December 7, 2009 by Jason Brown
There is a common belief in mainstream Mormon culture that once the church was restored, God would never allow his church to stray. This is an interesting idea that I would like to explore in detail with respect to our attitudes toward church leadership and specifically the Church’s chosen strategy regarding Proposition 8 and other anti-gay rights legislation. First of all if we believed this doctrine, we would all be Catholics. If God never allowed his/her church to stray it would have never drifted from the earth and back again in the many incarnations it has had throughout history. But even if we assume that this belief only applies to the post-restoration Church, the argument still troubles me.
In my discussions with Mormons, I have never heard anyone assert that the men who govern this church are perfect. Yet, somehow we believe that in matters of church governance they manage to make perfect decisions, free of cultural or political bias, or personal foibles. In the many, and often dizzyingly circular discussions I have had over prop 8; I have asserted the opinion that the church was tactically amiss in involving itself in opposition to a civil rights campaign, rather than insisting on being a stakeholder in a wider discussion on protecting our religious freedom in whatever legislation was achieved by the gay-rights movement.
Besides, what would be wrong with supporting the right of minority groups to define their marriage-relationships in ways that corresponds to their experience and deeply held convictions (sound familiar)? But as a religious institution that believes in the divinity of male-female marriage relationships, the church could have saved itself a lot of bad press by affirming the rights of others while voicing our strong convictions be protected in any new legislation passed. The point of bringing up an abbreviated version of this argument is that there should be room in Mormonism to voice constructive criticism of Church policy without being labeled unfaithful or apostate. It does not create a crisis of faith for me to assert the error of church leader’s tactics. They are imperfect men in an imperfect world. But somehow, when the church makes statements on a complex political issue such as gay marriage, which merit at least preliminary discussion, thought and debate, our brains shut down and group-think takes over.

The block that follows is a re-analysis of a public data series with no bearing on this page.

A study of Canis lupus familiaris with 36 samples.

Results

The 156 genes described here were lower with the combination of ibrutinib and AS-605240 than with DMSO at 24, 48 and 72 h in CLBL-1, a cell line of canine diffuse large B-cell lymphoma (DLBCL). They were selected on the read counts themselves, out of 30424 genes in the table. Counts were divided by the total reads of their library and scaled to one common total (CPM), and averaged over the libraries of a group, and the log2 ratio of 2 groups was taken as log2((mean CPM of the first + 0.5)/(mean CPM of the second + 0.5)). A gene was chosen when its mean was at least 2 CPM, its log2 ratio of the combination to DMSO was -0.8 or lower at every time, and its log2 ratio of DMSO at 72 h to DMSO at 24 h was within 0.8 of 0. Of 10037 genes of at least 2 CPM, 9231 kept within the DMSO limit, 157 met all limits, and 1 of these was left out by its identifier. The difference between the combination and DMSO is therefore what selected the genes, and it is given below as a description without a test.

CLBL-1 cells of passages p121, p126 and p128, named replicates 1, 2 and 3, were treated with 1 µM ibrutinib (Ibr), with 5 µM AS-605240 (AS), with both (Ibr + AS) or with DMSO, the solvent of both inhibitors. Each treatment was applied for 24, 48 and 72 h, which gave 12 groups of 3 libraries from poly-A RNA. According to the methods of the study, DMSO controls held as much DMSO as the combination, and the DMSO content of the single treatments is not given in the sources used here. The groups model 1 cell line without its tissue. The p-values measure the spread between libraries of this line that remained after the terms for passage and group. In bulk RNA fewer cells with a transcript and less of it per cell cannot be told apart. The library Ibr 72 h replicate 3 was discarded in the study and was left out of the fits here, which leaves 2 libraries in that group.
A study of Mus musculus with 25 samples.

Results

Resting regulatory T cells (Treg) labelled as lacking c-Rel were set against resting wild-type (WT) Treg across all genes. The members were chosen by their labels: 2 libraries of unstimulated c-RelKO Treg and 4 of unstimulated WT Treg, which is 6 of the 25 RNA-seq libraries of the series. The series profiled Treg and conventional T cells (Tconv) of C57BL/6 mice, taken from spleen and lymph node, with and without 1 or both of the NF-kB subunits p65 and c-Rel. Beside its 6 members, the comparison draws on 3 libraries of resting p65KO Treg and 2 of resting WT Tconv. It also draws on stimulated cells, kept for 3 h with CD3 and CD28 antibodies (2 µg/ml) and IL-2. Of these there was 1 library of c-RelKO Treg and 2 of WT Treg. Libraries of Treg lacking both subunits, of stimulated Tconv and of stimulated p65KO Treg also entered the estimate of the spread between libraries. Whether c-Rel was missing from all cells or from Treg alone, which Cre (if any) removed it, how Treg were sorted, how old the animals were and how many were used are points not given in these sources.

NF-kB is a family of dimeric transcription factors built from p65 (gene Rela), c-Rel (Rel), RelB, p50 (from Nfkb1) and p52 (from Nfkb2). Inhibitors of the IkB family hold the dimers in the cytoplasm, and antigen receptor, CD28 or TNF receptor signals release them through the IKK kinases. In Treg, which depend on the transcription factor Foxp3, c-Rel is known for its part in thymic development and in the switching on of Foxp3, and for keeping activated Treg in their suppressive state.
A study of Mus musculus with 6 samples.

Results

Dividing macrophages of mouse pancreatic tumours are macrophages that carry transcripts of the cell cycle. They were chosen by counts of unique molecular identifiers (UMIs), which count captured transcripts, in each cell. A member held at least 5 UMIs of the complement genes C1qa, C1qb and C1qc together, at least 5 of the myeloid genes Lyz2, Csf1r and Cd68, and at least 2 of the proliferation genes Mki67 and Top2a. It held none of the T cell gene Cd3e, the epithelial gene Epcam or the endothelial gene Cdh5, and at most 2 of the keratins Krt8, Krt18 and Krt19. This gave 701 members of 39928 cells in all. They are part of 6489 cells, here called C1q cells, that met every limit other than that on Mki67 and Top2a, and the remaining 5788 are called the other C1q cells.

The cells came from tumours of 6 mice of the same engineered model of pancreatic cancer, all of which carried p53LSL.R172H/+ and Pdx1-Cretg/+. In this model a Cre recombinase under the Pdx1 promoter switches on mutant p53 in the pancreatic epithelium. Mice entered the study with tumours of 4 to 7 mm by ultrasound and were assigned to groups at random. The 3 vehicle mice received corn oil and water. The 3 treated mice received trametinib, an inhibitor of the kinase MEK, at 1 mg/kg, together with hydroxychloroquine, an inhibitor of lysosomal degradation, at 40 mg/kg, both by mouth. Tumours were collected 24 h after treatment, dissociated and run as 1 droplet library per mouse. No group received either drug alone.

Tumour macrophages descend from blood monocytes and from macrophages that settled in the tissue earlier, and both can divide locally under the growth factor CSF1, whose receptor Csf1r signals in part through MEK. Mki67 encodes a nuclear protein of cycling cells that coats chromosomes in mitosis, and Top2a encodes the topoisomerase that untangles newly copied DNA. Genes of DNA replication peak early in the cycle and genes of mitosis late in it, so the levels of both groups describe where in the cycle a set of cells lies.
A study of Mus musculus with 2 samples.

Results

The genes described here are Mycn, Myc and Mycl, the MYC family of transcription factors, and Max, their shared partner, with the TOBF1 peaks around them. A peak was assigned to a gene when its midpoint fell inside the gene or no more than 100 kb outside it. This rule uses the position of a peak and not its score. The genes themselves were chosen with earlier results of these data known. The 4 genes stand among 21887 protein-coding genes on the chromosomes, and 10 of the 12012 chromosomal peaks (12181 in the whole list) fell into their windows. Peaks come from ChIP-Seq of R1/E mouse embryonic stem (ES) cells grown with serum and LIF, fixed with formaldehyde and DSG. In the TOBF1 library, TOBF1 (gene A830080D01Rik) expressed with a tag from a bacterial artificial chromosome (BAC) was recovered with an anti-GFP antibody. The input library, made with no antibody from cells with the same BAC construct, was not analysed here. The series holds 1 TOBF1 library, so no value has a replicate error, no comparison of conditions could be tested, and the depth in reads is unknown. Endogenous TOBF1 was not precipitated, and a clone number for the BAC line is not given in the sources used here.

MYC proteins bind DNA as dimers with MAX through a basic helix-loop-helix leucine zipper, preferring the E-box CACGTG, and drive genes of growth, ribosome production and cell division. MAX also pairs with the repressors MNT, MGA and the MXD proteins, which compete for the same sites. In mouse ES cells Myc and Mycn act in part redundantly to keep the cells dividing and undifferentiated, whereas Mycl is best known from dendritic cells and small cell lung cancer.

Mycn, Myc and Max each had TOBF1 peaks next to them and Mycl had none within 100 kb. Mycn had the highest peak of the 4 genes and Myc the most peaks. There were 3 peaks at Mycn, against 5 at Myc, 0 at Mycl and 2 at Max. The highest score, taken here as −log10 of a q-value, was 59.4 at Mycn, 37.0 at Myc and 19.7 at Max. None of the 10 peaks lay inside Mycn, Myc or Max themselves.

Here is another example. I believe that the principle that we are all equal before God is an eternal principle. Therefore it causes me no mental anguish to assert as I often do that the Mormon Church was simply racist for excluding members of African descent from the priesthood. I simply do not believe in a God that would contradict himself and the scriptures so obliviously. But don’t panic, this assertion does not necessarily negate the truthfulness of the Mormon Gospel, the inspired qualities that church leaders attain, or God’s hand in our lives or history. What it does affirm for me is that God allows us, and yes even the church as an institution to learn from our mistakes. The church made a historical mistake that many of that era were guilty of, namely rationalizing a strongly held cultural belief in terms of God’s mysterious will; denying responsibility for our own hurtful behavior. The myriad folk-beliefs that arose around blacks and the priesthood are testament to members and leaders desperate attempts to shift responsibility for a sinful practice to God him/her self.
Both the more distant issue of blacks and the priesthood, and the very current gay-rights movement show that the church is part of a complex world. Learning from our mistakes is an essential part of what it means to be human, indeed it is our privilege. Let us not deny this opportunity to our leaders by assuming that imperfect people can somehow implement perfect policy. God does not micro-manage he lets us stray, fumble, fail, and correct. He trusts us perhaps more than we trust ourselves.